George Preston has witnessed the healing power of classical music.

The new general manager of Classical KCME 88.7 FM was an overnight DJ at WNYC, a public radio station in New York City, during Sept. 11.

In the weeks following the attacks, he put together a program called "Whole Tones: The Music of Healing," in which he talked to three composers about their musical reactions to the tragedy.

"They went back to the basics of Bach, Mozart, Beethoven," Preston, 52, said, "those pieces that represent the triumph of the human spirit, and that in the face of not only adversity, but evil, remind us of the very best of which human beings are capable of."

He replaced Jeanna Wearing last month, who relinquished general manager duties after almost 18 years. She will remain as the corporate sponsorship director.

"I've looked to music as a place where people of all different backgrounds, classes, races, creeds and political beliefs, can gather together and celebrate the diversity of the human spirit as it's represented in classical music," Preston said. "It seems we live in a time where, in public discussion, we have lost the ability to agree to disagree respectfully. Music is a safe gathering ground. It's not as though we change each other's minds, but it's a place people can learn to appreciate people's differences rather than demonize them."

Prior to arriving in the Springs with his wife and their 5-year old twins, Preston worked at WFMT, a classical and folk radio station in Chicago. He was an announcer, and the producer and anchor of Lyric Opera of Chicago broadcasts, one of the top opera companies in the country. This is his first time as general manager of a radio station, he said.

"I've wanted a chance to test my leadership and vision and run a classical music station for awhile now."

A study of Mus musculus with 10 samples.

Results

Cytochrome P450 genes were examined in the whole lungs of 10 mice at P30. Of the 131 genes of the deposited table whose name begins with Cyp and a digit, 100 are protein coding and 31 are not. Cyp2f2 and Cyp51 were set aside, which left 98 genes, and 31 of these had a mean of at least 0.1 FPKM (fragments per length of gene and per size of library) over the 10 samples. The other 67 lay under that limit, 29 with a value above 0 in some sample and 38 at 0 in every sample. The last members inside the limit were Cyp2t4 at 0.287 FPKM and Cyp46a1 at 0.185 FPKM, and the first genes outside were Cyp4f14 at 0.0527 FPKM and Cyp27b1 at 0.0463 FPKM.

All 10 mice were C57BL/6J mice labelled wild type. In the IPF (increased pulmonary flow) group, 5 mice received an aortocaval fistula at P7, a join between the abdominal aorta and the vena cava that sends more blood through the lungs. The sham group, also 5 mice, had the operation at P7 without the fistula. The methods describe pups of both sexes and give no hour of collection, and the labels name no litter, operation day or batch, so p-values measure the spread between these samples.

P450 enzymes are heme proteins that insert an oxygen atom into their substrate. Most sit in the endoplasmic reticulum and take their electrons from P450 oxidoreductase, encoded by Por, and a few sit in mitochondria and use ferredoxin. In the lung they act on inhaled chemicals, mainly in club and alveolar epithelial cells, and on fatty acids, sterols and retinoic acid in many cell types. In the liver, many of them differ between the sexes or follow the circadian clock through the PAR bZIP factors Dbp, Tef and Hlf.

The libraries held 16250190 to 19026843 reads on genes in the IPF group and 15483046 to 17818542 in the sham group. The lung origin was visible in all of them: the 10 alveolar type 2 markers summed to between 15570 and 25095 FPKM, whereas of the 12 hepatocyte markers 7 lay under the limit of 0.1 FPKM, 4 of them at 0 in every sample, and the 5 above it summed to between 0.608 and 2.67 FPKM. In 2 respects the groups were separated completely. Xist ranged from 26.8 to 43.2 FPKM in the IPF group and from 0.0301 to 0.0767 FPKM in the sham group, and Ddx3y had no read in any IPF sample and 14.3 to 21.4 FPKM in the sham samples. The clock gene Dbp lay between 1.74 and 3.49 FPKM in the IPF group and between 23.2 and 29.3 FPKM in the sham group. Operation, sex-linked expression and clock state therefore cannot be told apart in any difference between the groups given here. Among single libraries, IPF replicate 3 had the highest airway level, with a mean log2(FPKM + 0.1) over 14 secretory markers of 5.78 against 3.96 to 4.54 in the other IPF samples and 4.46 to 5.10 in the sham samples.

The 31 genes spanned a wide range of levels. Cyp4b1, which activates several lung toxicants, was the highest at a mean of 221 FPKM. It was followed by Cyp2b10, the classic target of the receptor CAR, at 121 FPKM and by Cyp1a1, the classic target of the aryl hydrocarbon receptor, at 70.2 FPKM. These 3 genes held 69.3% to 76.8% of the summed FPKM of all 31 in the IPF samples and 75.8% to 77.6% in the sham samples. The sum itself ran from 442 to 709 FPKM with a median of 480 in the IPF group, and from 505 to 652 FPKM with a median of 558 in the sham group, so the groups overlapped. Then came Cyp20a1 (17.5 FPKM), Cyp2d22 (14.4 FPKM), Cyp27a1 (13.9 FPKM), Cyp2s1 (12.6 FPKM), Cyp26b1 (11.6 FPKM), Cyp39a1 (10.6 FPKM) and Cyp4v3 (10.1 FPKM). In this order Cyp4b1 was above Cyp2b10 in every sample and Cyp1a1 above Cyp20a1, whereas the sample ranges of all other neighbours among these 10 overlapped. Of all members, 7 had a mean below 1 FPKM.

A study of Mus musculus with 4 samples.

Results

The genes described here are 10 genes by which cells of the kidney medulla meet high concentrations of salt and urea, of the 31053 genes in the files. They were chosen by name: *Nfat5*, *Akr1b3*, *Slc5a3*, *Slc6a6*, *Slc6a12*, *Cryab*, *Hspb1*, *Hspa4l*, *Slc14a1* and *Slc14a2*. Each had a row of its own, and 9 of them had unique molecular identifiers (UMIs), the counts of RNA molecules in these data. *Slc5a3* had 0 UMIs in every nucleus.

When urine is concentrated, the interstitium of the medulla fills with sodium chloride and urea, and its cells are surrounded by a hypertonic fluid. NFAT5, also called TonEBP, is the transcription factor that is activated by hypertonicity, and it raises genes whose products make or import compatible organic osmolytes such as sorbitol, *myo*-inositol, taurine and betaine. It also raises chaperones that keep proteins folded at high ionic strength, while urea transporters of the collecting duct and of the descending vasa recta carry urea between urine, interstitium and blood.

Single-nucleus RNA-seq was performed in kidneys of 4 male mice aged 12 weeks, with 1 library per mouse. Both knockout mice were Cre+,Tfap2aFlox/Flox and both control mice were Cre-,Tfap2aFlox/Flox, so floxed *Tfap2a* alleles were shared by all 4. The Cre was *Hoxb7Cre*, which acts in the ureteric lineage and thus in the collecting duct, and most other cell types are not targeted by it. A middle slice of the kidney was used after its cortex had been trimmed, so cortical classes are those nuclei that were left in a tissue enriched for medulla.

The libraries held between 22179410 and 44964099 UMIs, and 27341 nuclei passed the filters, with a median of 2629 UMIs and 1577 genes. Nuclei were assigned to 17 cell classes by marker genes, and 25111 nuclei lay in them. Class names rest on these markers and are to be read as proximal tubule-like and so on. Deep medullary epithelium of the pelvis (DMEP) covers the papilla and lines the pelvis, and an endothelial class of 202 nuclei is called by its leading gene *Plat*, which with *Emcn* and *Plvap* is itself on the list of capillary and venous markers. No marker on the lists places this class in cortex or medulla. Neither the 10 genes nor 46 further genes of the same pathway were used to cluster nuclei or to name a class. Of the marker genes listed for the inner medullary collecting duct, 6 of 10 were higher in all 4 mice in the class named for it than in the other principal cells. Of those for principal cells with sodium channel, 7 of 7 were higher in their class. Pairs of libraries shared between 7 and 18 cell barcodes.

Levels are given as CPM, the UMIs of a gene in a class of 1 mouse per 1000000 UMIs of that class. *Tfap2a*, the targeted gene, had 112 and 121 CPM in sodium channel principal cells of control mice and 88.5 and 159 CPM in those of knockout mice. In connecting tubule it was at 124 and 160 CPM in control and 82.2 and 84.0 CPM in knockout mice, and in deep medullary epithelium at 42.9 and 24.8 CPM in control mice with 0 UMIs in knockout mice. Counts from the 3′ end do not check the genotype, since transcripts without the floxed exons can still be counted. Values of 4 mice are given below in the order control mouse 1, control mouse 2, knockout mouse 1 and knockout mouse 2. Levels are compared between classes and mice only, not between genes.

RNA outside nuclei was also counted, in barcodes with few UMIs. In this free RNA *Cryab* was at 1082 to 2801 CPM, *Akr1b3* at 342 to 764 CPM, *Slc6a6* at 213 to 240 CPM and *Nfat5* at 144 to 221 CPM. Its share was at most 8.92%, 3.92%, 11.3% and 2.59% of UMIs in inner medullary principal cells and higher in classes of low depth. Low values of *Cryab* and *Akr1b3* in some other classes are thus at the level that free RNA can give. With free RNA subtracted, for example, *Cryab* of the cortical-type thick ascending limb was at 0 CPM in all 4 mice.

He's also been a program director, and worked in the Boston and Tampa Bay radio markets.

Though no immediate changes for KCME are planned, Preston intends to "raise the profile of the station as the whole cultural scene in Colorado Springs gains traction. I want to be out and about, and do more remote broadcasts to strike up a lot of cultural partnerships."

The station's first remote broadcast will be July 20, when the Colorado Springs Philharmonic play "America the Beautiful," the third concert in their Summer Symphony series, at Security Service Field. At previous stations, Preston broadcast major orchestras, including the New York Philharmonic, the London Symphony Orchestra and the Berlin Philharmonic, from leading concert venues in New York City.

KCME listeners can also expect guest hosts to pop up on air. Preston plans to invite professional musicians to curate an hour or two of music, and talk about how those choices relate to their artistic and musical process. Don't expect the return of a regular block of non-classical music, such as the past Saturday night jazz show. He says the musicians and their blocks of music, which could include jazz, will provide some out-of-the-classical-music-box programming.

"He's a brilliant programmer, and knows classical music like the back of his hand," said Steve Robinson, executive vice president and general manager of WFMT and the WFMT Radio Network, Preston's last station in Chicago. "He knows history and has a great sense of humor. It's the ideal combination to grow the audience and get people interested in classical music. Our loss is your gain."

Not only is Preston a classical music and opera afficionado, he is also a performer. He grew up in Lexington, Ky., where he got into children's theater at a young age. He went on to graduate from the Oberlin Conservatory of Music in 1982, with multiple musical and opera productions on his resume, including "Kiss Me Kate," in which he co-starred with Linda Weise, executive director of the Colorado Springs Conservatory.

After graduating, he accidentally fell into radio work, he said, winding up in the morning drive slot at a classical music station in St. Petersburg, Fla. After a handful of years there, he moved to Boston for 11 years to attend the New England Conservatory of Music and focus on singing. He continued to work in radio. His stint in New York City followed. He led a "gypsy life," he said, full of performing and touring, but it was also where the overnight radio gig solidified his path.

"I hadn't taken radio seriously - it was my day job," Preston said. "But when I made that commitment to the show, and overnight in New York, where people are counting on that radio and the person on the other end as a companion, I realized how meaningful that process of communication could be."


Jennifer Mulson can be reached at 636-0270.